Friday, July 22, 2005

The Sound of Hair and Oku-chan

The hair salon, "kami no oto" (Sound of Hair)

We had appointments with the hairstylist today, so we did not travel around with our rail passes. This hair salon is called, “Kami no oto,” or “the sound of hair.” I think that it could also be a pun for “the sound of God,” but I am not sure if I am overanalyzing the Japanese title. It is a new business, run by Yamamoto-san, Etsuko’s favorite hairdresser at her old salon, who decided to run her own shop. It is a small, but stylish hole-in-the wall hair salon, nicely decorated. Yoko had her hair cut while I did some computer work, and then Etsuko took me to the salon for my haircut. My hair was cut short, and the hairdresser did all sorts of extras you don’t find in the U.S, like having your scalp, shoulders, and neck massaged. Such things are forbidden in the States as an anti-prostitution measure, so that only licensed masseurs can touch people below the neck.

Yamamoto-san seemed quite surprised when she found out that barbers could not massage their clients in America. Anyway, she thinned out my top hair, using techniques I had never seen before, and expertly clipped away at my sides without using clippers, but rather the old-fashioned way, by scissors and comb.

How do you like my new haircut?

We met up with “Oku-chan,”one of Yoko’s friends since middle school. Now I believe that if you meet a friend you haven’t seen for a long time, then you don’t bring your spouse along. Let the two of you catch up with old times first before you introduce a new person. So I went to an Internet café to work on my blog while the two of them went to a coffee house. BTW, despite how technologically advanced this country is, finding an Internet connection is near impossible! I was away from the Internet for just a few days and what a backlog of email! I guess most people do their Internet surfing, emailing, and instant messenger through their cell phones while riding the subway, and so they don’t need desktop Internet connections. BTW, along the way, I saw an interesting clothing shop that specializes in American fashions. Talk about preserving culture from the past - did Beavis and Butthead run off to Japan?

Next, we all stopped at a French restaurant run by Inoue, one of her friend’s husbands. Think of it as a small bar, with the cooking done behind the counter. This restaurant, which he is the chef and owner, is Inoue’s night business. By day, he works at his father’s company, and by night he runs this restaurant. He was so busy that he hardly had time to talk to us, but he did pose for a group picture.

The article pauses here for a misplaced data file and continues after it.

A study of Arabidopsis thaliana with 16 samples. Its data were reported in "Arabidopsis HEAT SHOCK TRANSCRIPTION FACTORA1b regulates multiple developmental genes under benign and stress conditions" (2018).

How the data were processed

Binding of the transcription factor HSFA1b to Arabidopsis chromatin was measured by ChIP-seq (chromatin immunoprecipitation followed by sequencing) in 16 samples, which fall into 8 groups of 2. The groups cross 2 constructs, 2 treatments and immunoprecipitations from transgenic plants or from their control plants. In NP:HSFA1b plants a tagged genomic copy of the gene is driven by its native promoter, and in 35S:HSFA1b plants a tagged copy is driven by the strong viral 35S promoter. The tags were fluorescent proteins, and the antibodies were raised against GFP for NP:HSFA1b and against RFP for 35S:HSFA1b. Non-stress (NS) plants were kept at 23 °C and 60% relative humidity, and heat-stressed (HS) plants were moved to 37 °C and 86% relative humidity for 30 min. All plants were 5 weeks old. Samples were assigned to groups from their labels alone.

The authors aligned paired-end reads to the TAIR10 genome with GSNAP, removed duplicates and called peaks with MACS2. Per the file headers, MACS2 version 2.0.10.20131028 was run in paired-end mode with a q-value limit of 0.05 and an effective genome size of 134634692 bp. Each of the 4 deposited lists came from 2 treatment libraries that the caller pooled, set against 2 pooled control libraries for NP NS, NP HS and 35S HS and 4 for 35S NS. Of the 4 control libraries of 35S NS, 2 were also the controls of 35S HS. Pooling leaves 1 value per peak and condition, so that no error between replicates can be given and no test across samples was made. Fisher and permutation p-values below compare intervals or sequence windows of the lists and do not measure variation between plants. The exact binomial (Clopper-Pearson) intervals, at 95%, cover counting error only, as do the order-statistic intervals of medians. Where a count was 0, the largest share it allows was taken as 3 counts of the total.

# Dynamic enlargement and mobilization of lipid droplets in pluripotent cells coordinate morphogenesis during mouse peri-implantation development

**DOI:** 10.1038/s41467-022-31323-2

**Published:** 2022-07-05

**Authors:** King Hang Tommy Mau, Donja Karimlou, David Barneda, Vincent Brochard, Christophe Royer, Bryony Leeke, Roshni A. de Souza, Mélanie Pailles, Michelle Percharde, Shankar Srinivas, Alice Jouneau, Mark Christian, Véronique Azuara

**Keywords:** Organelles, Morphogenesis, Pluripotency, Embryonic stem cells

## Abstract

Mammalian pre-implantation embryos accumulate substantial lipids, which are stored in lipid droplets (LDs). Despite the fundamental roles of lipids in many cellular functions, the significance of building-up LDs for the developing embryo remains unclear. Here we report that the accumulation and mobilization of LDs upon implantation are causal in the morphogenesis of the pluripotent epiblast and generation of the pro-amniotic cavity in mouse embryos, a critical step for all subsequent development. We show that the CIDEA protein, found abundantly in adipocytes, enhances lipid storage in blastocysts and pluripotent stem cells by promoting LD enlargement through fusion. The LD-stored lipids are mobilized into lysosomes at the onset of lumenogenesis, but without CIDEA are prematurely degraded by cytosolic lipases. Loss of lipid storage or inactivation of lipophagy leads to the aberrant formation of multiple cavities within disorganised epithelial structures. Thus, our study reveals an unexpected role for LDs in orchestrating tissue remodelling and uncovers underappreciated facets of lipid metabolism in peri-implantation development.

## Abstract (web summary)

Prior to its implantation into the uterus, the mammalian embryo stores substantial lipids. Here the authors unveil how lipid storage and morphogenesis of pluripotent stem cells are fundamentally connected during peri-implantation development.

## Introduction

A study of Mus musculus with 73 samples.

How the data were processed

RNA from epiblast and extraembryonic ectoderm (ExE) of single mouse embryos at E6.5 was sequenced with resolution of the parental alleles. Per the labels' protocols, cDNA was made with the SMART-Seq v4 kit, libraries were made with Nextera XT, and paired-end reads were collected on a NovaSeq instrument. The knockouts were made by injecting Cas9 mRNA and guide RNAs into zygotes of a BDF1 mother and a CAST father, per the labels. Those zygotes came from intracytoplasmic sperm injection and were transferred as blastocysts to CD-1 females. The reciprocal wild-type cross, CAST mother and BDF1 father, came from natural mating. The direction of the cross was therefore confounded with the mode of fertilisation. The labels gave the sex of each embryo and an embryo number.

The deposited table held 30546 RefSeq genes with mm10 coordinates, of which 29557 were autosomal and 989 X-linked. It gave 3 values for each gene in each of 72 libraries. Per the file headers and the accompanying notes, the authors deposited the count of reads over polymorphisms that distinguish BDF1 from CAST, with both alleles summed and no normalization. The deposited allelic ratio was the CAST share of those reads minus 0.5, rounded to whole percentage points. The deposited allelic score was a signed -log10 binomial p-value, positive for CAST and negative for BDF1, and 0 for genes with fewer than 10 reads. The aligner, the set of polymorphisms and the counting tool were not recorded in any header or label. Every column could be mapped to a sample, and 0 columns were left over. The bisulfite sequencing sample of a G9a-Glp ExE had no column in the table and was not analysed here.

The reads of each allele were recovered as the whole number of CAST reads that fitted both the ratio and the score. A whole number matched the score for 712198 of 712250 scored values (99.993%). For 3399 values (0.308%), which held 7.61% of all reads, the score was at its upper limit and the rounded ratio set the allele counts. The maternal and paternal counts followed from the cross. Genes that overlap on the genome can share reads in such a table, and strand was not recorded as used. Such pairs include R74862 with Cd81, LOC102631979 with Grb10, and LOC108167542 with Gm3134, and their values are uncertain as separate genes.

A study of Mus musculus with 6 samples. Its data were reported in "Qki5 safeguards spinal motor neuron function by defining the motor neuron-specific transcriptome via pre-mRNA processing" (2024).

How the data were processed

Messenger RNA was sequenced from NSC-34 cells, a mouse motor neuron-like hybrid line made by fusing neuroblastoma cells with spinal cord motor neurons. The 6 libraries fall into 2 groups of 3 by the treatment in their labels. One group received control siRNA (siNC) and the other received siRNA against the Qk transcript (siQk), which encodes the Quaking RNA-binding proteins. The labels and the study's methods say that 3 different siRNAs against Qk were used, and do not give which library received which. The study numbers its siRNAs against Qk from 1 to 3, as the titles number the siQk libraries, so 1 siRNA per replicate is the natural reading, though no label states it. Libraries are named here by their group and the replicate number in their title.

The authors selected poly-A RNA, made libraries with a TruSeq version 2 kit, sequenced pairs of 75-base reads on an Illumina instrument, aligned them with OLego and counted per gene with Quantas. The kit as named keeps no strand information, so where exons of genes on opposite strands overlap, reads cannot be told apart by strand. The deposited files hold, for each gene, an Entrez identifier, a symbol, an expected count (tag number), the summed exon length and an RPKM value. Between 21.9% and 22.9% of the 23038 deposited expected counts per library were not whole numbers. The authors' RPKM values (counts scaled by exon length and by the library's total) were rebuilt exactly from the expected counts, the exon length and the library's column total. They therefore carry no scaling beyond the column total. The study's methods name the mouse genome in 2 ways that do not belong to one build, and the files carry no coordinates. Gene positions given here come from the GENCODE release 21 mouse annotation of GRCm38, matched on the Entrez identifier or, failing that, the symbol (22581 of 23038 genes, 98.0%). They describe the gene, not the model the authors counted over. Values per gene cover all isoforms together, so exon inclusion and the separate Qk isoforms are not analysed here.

The tobacco from the chatting office lady customers was getting to me, so we decided to leave. We passed by a darts bar, and I suggested that we all enter. Hip-hop and R&B blared in the background. The customers were mostly young Japanese dressed casually in their latest American casual fashions. I would’ve thought I was in America except for the strange promotion going on in which a female staff member wearing a high school uniform was selling I.W. Harper whisky. Japanese men love costumed women and so Hawaii must market Halloween to Japanese tourists more! By coincidence, I was going to drink whisky since my stomach was so bloated with food, so I ordered a drink. When you ordered I.W. Harper you could reach into a box and pull out a lottery. I reached in and won a set of darts! I took a picture with the costumed staff member, who named herself, “Peace”.

Here is a pic of another cute and bubbly staff member, who also taught us how to throw darts properly:

We spent most of the night playing darts. Oku-chan is good, hit many difficult shots, won most of the games, and claimed to be a beginner. Yeah, right...

On the way back, we plopped into a ramen shop at 2:00 at night for a final snack. The woman next to me noticed I was speaking in English to Yoko, and so she started talking to us in English. She had attended high school in the U.S. for two years, one year in Washington (two hours from Seattle in the countryside) and one year in Arizona. She was now in her late twenties, and lamented how she had no chance to practice her English. She seemed very drunk, and did not touch her ramen at all, but was only drinking beer. In fact, she was so drunk that she could not even press my camera button when she took my picture. Still, she was very pleasant to talk to, and seemed to have a good heart. It is amazing how you meet English-speaking people in the least likely of places.